Moderna Inc says it will know if its experimental coronavirus vaccine is effective at preventing people from contracting the disease by November.
CEO Stéphane Bancel, speaking at The Wall Street Journal‘s annual Tech Live conference, said the company is waiting for interim results of its late-stage clinical trial.
Provided the results are positive, Moderna could apply for emergency use authorization (EUA) by late November and may receive approval from the US Food and Drug Administration (FDA) by December.
This timeline is about the same as that of rival drugmaker Pfizer Inc, which announced last week it would also likely apply for EUA next month.
It comes as, Dr Francis Collins, director of the National Institutes of Health (NIH), said the US is unlikely to have a vaccine authorized by the FDA before late November.
Moderna Inc says it expects interim results from a late-stage trial on the effectiveness of its coronavirus vaccine by next month. Pictured: A subject receives a shot in the first-stage safety study clinical trial of a potential vaccine by Moderna for COVID-19 in Seattle, March 16
If positive, the drugmaker apply for emergency use authorization with the FDA in late November and could receive approval by December. Pictured: Moderna headquarters in Cambrdige, Massachusetts, May 2020
‘Unlike sometimes when you make a recipe at home, if you miss one ingredient, you might decide to still go ahead and make your meal, but in our case we cannot do that,’ Bancel said, according to The Journal.
‘We need all the ingredients to be there on time to be able to make a lot of vaccine. If one ingredient is missing, we cannot make a vaccine.’
The vaccine, developed by Cambridge, Massachusetts-based Moderna, was done in partnership with the NIH.
NIH director Dr Francis Collins (pictured) says a vaccine will not be available before late November at the earliest
It uses part of the pathogen’s genetic code called messenger RNA, or mRNA, to get the body to recognize the coronavirus and attack it if a person becomes infected.
The candidate, called mRNA-1273, works by tricking the body into producing some of the viral proteins, which the immune system then recognizes and builds a defensive response against.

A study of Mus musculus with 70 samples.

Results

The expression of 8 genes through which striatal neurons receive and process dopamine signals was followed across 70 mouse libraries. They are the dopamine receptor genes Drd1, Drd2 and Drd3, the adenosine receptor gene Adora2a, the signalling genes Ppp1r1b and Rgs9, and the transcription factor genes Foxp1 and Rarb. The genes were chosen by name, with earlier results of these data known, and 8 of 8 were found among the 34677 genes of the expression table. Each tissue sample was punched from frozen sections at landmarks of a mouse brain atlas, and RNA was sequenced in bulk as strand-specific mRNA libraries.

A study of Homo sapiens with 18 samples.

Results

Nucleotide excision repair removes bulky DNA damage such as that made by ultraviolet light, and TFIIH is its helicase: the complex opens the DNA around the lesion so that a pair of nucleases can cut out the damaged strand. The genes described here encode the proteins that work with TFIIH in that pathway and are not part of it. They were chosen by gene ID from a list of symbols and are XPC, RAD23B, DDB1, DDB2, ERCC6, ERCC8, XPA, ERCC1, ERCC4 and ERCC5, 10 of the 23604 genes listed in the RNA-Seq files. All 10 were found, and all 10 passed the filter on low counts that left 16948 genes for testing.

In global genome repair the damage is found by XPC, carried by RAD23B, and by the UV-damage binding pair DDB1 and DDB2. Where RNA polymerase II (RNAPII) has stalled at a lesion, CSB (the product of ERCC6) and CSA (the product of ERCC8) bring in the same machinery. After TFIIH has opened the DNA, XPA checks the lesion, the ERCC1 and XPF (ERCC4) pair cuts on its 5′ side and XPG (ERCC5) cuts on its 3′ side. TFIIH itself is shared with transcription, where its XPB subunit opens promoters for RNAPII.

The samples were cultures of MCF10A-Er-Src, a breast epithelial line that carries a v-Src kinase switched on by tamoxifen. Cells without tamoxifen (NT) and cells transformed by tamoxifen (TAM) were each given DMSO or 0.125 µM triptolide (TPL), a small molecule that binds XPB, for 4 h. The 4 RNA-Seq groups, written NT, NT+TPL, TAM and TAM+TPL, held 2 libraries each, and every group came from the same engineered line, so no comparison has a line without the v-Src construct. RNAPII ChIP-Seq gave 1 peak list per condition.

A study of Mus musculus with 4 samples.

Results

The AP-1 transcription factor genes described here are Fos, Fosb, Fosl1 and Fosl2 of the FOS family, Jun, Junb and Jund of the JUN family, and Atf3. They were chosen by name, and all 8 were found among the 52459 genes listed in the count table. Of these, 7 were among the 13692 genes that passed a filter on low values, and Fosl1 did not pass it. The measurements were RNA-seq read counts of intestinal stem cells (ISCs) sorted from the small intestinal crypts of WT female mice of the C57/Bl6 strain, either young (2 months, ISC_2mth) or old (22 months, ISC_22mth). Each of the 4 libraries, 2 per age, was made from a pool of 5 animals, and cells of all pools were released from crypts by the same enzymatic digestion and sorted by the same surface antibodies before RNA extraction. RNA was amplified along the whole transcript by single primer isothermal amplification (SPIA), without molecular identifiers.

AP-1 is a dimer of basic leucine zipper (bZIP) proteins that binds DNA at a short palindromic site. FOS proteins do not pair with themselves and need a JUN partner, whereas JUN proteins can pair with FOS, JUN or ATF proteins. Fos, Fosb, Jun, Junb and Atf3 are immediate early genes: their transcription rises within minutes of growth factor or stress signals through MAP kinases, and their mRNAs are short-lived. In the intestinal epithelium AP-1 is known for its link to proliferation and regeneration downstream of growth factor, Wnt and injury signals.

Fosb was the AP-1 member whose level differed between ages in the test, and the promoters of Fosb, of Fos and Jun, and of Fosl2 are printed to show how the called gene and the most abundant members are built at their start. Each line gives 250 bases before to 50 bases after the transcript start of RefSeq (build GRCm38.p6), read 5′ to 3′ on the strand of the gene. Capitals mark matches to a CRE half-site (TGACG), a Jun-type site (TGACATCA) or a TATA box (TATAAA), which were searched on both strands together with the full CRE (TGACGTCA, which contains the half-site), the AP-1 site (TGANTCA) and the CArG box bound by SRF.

For the trial of up to 30,000 US participants, one group is given the vaccine and another groups is given the placebo.
Researchers will then wait until 53 participants contract the virus and develop symptoms, reported The Journal.
If the number of people infected is significantly higher in the placebo group, then the jab is considered effective.
The first term analysis is expected in November but Bancel said ‘it’s hard to predict exactly which week because it depends on the cases, the number of people getting sick,’ according to the Journal.
However, if the first analysis, does not show the efficacy of the vaccine, a second analysis will occur, and wait until 106 people have been infected with COVID-19.
This would delay results until December and receiving FDA approval until early next year.
This is line with Collins’ prediction that a vaccine will not be available until late November at the earliest.
‘I would think it’s very unlikely – given the timetables and the standards that have to be followed – that you will hear about an emergency use authorization before late November at the earliest,’ Collins told NPR’s Morning Edition on Tuesday.
‘These will be vaccines that are tested with the most rigorous standards for safety and efficacy.
‘If we get to the point by sometime, maybe the end of this year, where one or more of those is judged to be safe and effective, it will be because it’s safe and effective.’
In August, the federal government signed a $1.5 billion contract with Moderna, placing an order 100 million doses for the US – enough for 50 million people.
The Journal reports that Bancel expects Moderna to produce about 20 million doses by the end of 2020 and at least 500 million doses next year.
There are 10 companies around the world currently testing vaccine candidates, and Moderna is one of four in the US.
Pfizer has stated it expects to submit for EUA next month while the remaining two, AstraZeneca Plc and Johnson & Johnson, have stated their submissions are expected later this year.
AstraZeneca and Johnson & Johnson have both had to pause their trials in the US due to safety concerns, which could delay their applications further.